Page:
Producer Antony I. Ginnane talks Ozploitation Blu-ray rereleases
If you’ve seen the fabulously entertaining Ozploitation documentary Not Quite Hollywood — which tracks the rise of Down Under genre films in the ’70s and ’80s — then you will be familiar with producer and Quentin Tarantino favorite Antony I. Ginnane, the so-called “Roger Corman of Australia” whose output includes the horror movies Patrick, Dead Kids, and Thirst. “But how can I learn more about these films?” I pretend to hear you cry. Well, good news! This month, Severin Films is releasing all three terror flicks in Blu-ray/DVD combo packs (as well as the self-explanatory DVD, Ozploitation Trailer Explosion) which seemed an excellent excuse to call Ginnane and have him talk about them.
You can read what he had to say below.
British actress Susan Penhaligon stars in this tale of a coma patient with telekinetic powers. A remake, directed by Not Quite Hollywood filmmaker Mark Hartley and starring You’re Next actress Sharni Vinson, can now be seen on VOD.
Antony I. Ginnane: The Australian film industry was just starting to get together, to make its first international series of films that came out and attracted attention in the U.S. and elsewhere. At that point, there was one group of people who were endeavoring to do historical pictures — sort of Merchant Ivory-style pictures — then there were a couple of other people, with me in the forefront, who were more interested in genre.
It was quite a coup to get Susan Penhaligon. That was still a relatively new thing, to bring international actors into Australia. The film was a big success in a number of foreign territories, Italy particularly. In the U.S. it played all over the country state-by-state, as they did in those days. In Australia, the initial reaction was mixed but over the 40-odd years, it’s achieved cult status and that was enough to drive us to do a remake.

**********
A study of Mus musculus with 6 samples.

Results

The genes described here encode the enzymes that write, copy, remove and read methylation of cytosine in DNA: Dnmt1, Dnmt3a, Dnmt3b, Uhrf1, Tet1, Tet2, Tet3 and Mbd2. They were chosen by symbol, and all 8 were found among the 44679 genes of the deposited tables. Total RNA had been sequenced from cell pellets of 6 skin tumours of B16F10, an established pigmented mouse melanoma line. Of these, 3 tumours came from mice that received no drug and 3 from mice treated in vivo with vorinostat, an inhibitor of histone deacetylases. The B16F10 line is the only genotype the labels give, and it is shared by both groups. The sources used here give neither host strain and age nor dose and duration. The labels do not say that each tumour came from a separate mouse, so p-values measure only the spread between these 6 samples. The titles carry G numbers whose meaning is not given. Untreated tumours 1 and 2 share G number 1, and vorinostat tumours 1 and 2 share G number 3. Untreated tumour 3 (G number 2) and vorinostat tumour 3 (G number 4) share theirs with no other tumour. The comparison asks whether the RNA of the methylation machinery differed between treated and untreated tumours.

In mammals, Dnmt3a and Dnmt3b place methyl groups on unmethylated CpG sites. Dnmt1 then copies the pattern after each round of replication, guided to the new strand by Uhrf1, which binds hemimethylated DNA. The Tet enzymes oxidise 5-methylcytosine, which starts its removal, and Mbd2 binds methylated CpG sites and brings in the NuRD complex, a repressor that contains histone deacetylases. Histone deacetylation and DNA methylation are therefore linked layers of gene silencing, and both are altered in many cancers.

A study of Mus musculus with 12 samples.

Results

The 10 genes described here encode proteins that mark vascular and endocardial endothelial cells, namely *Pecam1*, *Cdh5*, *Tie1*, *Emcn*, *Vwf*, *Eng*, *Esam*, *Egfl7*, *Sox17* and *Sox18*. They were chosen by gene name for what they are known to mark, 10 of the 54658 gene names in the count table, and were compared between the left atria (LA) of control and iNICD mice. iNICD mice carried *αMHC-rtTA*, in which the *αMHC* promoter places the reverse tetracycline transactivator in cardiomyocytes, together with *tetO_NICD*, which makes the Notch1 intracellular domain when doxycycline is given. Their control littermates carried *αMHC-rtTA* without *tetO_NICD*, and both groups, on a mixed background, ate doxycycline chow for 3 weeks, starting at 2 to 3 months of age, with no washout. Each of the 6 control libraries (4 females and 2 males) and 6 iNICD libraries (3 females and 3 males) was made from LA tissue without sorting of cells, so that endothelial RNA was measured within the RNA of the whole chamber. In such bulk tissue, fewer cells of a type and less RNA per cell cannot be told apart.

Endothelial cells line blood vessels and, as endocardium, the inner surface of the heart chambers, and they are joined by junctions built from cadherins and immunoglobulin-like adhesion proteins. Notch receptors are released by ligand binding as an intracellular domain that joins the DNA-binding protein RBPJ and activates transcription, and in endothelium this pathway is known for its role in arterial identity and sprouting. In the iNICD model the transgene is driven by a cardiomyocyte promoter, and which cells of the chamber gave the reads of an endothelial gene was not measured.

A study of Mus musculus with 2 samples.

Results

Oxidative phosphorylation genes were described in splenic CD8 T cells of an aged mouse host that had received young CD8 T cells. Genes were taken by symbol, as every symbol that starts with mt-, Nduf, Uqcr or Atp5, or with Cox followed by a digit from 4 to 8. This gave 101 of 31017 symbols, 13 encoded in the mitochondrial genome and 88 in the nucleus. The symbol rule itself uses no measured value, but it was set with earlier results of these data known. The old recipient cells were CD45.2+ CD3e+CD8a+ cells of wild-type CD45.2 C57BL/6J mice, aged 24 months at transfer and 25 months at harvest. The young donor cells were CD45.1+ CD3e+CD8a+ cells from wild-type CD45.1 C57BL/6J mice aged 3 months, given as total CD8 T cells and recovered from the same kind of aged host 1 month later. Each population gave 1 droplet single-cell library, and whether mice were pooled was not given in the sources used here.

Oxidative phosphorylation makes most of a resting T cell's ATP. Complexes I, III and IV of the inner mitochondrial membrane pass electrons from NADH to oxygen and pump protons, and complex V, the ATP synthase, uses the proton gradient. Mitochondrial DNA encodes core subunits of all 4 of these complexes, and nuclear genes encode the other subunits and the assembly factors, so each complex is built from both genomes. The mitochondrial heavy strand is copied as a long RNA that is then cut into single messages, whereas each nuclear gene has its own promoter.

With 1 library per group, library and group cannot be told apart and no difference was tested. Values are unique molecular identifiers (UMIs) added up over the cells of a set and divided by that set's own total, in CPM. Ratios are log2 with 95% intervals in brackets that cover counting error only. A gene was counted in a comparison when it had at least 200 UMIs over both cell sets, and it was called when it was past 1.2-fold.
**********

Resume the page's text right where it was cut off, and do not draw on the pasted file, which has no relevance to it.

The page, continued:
Quentin Tarantino is definitely an admirer. He tipped his hat to the film with the spitting scene in Kill Bill — which is a lift from the original picture. I discussed it with him a couple of times when we’ve met and of my movies, apart from Turkey Shoot (a.k.a. Escape 2000) I think it is his favorite film of mine.
A secret society of vampires use mechanized techniques to drain blood from victims in this shocker starring David Hemmings and Henry Silva, among others.
Ginnane: After Patrick I did a movie called Snapshot — which was released in the States as The Day After Halloween, although it didn’t actually have anything to do with Halloween — and then we did Thirst. That was a significantly bigger-budgeted picture than Patrick. That enabled us to bring in David Hemmings and Henry Silva and cast it with some fairly serious local actors as well. If you’re a producer who’s swimming in those circles, there comes a point in time where everybody wants to do a vampire picture. But we wanted to take a different tack to traditional Hammer classical. So the idea of doing a contemporary story where vampirism is a product of an industrialized process and all of that, I thought it was more than interesting.
Dead Kids (1981)
Released in America as Strange Behavior this slasher film was set in the U.S. but actually shot in New Zealand. The film stars Louise Fletcher, Michael Murphy, and Dan Shor, and was cowritten by Bill Condon, who would go on to direct Dreamgirls and the two Breaking Dawn entries in the Twilight franchise.
Ginnane: Bill Condon, who was of course very young then, was a real genre fan at the time. He still is, but he’s obviously moved into other things. That one was an experiment. It was partly a slasher but I always saw it as a bit of a Fritz Lang/Dr. Mabuse-type picture.
Australia had restrictions on the number of foreign actors you could bring in if you had some federal subsidy. Two or three was about the maximum. I wanted to see if it was possible to do essentially an American picture and cast it from wherever in the world I wanted to cast it. And in New Zealand we were allowed to do that. Then I thought, can we actually shoot in New Zealand and make it look like America? This is before CGI or anything like that. So, we had to do it physically. So we did it. Many people who see that film don’t know it wasn’t shot in the United States.
It’s quite quirky and strange but I think it’s why that film and Thirst and Patrick have survived and thrived all these years and why there’s still interest in them. Because all three of them are way outside the norm.
Ginnane talks more about the remakes of Patrick and Turkey Shoot in the new Entertainment Weekly, out this Friday.